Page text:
Did You Know?
A few facts:
- Considered a leafy vegetable
- Has medicinal purposes
- Grows most actively in the winter
How to get rid of Common Lambsquarters:
- Remove mechanically
- Treat with herbicides
Information by Rakesh Chandran, Ph.D., WVU Extension Service Weed Science Specialist
A Weed with Uses Dating to the 9th Century
Common lambsquarters (
Chenopodium album) is a weed that belongs to the pigweed (Amaranthaceae) family
under the goosefoot (Chenopodiaceae) sub-family with leaves that resemble the shape
of a goose’s foot. Its etymology may be traced back to the 9th century English
harvest festival called “Lammas quarter.” Then, during the consecration of a loaf
of bread made from the first harvest of grains carried out to mark off that quarter,
a lamb was brought to the altar with meals partially characterized by greens made
from this plant, which is how it came to be known as common lambsquarters.
Common Lambsquarters Identification
Common lambsquarters is a summer annual considered to be a major weed in North American
row crops, such as corn and soybean, as well as sugar beet and potato. This relatively
shallow-rooted herbaceous plant grows under a wide range of conditions, especially
in disturbed and fertile habitats, such as barnyards and farmsteads. The stems
have reddish streaks on them and are somewhat succulent. The leaves, also succulent,
are powdered especially on the undersides with a mealy substance, giving it a whitish,
lustrous appearance. Being in the same sub-family as spinach and beets, it may
harbor pests and diseases of these crops, such as beet leafhoppers and spinach
mildew. It also may serve as an alternate host of the insect common stalk borer,
a pest of tomatoes and corn, and the green peach aphid (see photo below). It is
a prolific seed producer with each plant producing over 70,000 seeds that possess
a dormancy of over 20 years.
As alluded to earlier, common lambsquarters is considered to be a leafy vegetable. Seedlings, leaves or tender stems can be consumed fresh or boiled as a potherb. It is considered to have higher levels of proteins, vitamins and minerals, such as iron, than cultivated spinach or cabbage. Seeds can be dried and ground to prepare bread, cakes or gruel – the food grain quinoa belongs to same genus as common lambsquarters. An oil called ascaridole, possessing anthelmintic properties, can be extracted from the leaves of common lambsquarters. While this plant is considered to be of value as a fodder, large quantities may lead to nitrate poisoning in livestock and oxalic acid poisoning in sheep and swine. It is also known to take up significant quantities of phosphate from the soil during early stages of growth.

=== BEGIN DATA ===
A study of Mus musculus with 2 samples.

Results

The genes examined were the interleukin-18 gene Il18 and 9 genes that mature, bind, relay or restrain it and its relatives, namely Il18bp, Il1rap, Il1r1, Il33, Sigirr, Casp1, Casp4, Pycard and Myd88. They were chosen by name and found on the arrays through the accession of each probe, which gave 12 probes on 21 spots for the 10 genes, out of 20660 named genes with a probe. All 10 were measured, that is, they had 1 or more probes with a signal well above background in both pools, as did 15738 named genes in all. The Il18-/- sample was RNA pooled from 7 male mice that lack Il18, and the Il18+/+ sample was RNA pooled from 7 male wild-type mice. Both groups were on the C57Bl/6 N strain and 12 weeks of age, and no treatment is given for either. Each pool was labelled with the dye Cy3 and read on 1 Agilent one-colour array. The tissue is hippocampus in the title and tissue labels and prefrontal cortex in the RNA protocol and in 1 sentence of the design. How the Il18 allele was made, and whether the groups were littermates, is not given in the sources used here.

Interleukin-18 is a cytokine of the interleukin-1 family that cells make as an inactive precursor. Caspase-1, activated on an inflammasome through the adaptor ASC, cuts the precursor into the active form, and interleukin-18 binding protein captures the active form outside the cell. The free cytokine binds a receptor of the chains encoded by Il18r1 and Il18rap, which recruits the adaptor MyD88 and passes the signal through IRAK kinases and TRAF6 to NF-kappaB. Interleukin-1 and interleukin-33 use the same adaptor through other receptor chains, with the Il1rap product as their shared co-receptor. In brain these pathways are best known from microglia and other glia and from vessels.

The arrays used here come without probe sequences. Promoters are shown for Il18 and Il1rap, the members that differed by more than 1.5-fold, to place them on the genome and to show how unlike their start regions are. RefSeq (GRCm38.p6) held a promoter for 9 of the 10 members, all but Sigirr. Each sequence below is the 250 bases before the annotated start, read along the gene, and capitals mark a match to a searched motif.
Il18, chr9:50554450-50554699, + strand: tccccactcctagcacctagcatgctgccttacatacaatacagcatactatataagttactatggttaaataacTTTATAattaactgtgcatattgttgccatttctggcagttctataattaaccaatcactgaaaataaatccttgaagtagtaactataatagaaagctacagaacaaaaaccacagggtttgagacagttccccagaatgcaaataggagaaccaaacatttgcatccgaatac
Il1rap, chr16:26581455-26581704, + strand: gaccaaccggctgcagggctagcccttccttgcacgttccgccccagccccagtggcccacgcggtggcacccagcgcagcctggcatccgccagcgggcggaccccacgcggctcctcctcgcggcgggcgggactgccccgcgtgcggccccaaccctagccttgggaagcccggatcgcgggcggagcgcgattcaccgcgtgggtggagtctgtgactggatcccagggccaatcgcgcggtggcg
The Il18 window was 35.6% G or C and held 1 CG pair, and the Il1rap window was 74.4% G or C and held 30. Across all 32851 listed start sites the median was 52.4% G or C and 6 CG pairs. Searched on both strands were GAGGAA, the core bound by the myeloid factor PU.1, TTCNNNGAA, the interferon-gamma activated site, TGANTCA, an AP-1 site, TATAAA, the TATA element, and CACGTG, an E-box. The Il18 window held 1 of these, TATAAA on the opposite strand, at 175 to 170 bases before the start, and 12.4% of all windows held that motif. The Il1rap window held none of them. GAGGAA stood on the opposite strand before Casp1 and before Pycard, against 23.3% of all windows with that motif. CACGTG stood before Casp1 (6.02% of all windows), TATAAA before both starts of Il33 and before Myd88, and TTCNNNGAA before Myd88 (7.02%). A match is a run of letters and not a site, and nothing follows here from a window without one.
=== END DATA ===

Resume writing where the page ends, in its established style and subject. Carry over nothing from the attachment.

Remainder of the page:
Controls for Common Lambsquarters
During the early stages of its life cycle, common lambsquarters can be managed by
mechanical methods, such as hoeing or cultivation, to control small populations.
Mulches, such as black plastic or straw over newspaper, are effective to control
this weed in backyard gardens.
Large populations may be controlled by application of herbicides specific to labelled crops. Commonly used selective herbicides containing the active ingredient dicamba effectively control this weed, especially during early stages of growth. Common lambsquarters biotypes have developed resistance to herbicides in the triazine and ALS-inhibitor families of herbicides in North America.
Author: Rakesh Chandran, WVU Extension Weed Science Specialist
Last Reviewed: July 2020
Recommendations for the use of agricultural chemicals are included as a convenience to the reader. The use of brand names and any mention or listing of commercial products or services does not imply endorsement by West Virginia University Extension Service nor discrimination against similar products or services not mentioned. Individuals who use agricultural chemicals are responsible for ensuring that the intended use complies with current regulations and conforms to the product label. Be sure to obtain current information about usage regulations and examine a current product label before applying any chemical. For assistance, contact your county Cooperative Extension agent.